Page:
Thursday, 24 July 2008
The Battleship HMS Barham
On 25 November 1941, while steaming to cover an attack on Italian convoys, HMS Barham was hit by three torpedoes from the German submarine U-331, commanded by Lieutenant Hans-Dietrich von Tiesenhausen. The torpedoes were fired from a range of only 750 yards providing no time for evasive action, and stuck so closely together as to throw up a single massive water column. As she rolled over to port, her magazines exploded and the ship quickly sank with the loss of over two thirds of her crew.
A sinking ship is a dreadful business, and most often we have only our imaginations to 'see' what it must have been like. In the case of HMS Barham, though, a vast and magnificent Queen Elizabeth class Battleship, built at the John Brown shipyard on the Clyde near Glasgow, same shipyard as made the Cunarder Queen Mary, we have an unimpeachable film record of the deed to help us imagine what war service at sea was really all about.
The British Admiralty was immediately notified of the sinking on November 25, 1941. However, within a few hours they also learned that the German High Command did not know the Barham had been sunk.
Realizing an opportunity to mislead the Germans, and to protect British morale, the Admiralty censored all news of Barham’s sinking and the loss of 861 British seamen.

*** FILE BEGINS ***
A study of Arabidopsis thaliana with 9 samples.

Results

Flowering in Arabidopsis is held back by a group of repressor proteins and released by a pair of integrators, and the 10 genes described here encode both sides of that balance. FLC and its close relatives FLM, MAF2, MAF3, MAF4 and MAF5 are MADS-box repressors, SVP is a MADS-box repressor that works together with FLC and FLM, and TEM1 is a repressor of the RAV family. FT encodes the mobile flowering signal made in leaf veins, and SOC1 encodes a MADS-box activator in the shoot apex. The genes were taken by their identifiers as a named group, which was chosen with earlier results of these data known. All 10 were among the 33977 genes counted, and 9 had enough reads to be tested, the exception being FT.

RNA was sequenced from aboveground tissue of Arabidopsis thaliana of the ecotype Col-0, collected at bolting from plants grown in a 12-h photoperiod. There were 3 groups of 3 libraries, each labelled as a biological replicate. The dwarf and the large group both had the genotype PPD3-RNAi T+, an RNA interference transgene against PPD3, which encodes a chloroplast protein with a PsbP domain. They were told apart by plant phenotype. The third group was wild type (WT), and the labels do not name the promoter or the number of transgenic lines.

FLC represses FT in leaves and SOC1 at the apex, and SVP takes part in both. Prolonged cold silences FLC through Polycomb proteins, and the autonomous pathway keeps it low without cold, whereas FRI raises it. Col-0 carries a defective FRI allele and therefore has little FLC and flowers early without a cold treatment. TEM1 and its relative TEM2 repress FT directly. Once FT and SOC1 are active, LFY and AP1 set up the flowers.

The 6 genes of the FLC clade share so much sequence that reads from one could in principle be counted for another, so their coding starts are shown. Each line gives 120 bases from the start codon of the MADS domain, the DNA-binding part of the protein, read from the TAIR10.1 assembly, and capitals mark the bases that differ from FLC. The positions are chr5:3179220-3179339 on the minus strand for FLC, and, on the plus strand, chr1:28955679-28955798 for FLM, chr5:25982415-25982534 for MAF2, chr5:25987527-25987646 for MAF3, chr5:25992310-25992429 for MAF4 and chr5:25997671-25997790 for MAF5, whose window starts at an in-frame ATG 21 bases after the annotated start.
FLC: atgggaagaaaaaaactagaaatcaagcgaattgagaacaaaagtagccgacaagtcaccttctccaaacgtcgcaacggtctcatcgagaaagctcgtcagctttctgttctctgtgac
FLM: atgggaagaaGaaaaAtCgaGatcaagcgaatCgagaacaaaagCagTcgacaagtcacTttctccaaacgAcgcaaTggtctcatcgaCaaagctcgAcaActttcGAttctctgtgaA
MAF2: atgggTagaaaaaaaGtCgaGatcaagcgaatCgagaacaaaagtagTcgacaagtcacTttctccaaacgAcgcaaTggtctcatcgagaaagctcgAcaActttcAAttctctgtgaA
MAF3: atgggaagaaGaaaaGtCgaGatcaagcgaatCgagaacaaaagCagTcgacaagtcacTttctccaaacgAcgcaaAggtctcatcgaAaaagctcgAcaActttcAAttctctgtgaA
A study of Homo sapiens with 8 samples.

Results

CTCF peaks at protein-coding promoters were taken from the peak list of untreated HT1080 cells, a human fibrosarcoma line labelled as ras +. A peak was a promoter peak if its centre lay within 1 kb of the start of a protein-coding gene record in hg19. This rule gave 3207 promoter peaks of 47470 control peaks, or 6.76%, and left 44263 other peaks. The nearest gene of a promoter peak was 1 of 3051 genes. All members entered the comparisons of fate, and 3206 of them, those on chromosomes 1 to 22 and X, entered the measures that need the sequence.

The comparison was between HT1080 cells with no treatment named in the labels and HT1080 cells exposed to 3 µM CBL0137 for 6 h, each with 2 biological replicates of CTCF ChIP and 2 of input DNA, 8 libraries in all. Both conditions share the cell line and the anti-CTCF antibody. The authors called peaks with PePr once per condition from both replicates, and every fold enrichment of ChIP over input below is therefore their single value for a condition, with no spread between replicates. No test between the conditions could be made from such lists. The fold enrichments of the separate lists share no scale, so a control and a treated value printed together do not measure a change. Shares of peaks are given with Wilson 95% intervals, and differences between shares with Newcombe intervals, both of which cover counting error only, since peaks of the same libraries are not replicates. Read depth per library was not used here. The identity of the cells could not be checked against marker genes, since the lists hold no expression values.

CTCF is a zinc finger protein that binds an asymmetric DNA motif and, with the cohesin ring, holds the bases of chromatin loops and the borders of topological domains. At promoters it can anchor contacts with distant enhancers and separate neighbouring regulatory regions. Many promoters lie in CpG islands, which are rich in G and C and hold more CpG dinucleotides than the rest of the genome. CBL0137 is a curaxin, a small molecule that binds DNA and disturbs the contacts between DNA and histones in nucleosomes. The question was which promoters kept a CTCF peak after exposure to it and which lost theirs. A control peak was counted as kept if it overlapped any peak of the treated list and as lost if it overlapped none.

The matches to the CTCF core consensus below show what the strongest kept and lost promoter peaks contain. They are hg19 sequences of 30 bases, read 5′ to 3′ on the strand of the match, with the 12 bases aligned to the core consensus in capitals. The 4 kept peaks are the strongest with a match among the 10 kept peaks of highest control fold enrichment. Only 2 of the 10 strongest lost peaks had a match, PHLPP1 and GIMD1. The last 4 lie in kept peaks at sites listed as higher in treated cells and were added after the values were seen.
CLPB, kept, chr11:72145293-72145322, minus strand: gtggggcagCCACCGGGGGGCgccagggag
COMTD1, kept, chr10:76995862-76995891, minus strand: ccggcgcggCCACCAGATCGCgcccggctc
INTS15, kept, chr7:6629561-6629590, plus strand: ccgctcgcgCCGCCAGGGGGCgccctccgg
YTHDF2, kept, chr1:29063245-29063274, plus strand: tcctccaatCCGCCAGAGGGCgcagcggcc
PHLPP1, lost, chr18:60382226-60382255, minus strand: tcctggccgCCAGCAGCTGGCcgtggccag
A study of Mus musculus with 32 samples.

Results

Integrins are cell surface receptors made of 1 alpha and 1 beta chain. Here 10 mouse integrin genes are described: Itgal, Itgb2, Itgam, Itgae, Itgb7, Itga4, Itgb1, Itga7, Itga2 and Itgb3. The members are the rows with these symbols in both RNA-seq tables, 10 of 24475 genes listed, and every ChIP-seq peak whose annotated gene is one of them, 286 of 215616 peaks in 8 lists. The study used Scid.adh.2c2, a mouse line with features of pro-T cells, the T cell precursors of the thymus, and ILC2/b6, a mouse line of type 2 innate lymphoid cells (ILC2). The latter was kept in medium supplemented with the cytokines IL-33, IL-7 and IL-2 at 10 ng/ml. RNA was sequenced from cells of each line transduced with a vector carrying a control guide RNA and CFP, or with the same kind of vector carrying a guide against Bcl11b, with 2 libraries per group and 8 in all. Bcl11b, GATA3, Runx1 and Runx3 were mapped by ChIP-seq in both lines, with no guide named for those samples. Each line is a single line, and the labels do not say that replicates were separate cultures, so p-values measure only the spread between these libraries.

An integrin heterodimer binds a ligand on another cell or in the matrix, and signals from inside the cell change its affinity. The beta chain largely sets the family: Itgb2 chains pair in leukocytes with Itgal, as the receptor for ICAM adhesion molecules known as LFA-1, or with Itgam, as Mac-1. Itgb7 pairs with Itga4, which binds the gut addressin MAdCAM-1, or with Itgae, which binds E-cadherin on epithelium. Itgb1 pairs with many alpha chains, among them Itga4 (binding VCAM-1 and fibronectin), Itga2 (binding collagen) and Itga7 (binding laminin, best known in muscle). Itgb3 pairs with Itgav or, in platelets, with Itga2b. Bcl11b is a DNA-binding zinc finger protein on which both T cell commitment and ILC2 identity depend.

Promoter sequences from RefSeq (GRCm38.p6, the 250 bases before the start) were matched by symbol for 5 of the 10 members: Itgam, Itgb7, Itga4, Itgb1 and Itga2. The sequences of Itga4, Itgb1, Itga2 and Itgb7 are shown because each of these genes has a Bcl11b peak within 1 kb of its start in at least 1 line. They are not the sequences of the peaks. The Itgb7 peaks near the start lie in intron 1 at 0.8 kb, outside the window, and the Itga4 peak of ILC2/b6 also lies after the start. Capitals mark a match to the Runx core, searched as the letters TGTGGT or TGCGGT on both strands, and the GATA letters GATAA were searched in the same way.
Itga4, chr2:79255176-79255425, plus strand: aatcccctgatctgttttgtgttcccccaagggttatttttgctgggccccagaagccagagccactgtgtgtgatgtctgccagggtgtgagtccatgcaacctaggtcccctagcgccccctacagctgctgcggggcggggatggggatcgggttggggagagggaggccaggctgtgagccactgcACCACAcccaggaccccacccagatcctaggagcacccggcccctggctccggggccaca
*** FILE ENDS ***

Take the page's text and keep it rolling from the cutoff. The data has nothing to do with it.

After a delay of several weeks, the War Office decided to notify the next of kin of Barham’s dead, but they added a special request for secrecy. The notification letters included a warning not to discuss the loss of the ship with anyone but close relatives, stating it was "most essential that information of the event which led to the loss of your son or husband's life should not find its way to the enemy until such time as it is announced officially..."
By late January 1942, the German High Command had realized Barham had been lost. The British Admiralty informed the press on January 27, 1942 and explained the rationale for withholding the news.
At a seance in Portsmouth in late November 1941, Helen Duncan, a Spiritualist medium from Callander, Scotland, announced that she had contacted a dead sailor who had told her that his ship, HMS Barham, had recently been sunk. Duncan was not arrested in the aftermath of the Barham incident, but in 1944 was arrested during a seance and convicted under the British Witchcraft Act of 1735 and sentenced to 9 months in prison.
Here she is, in all her beauty and strength.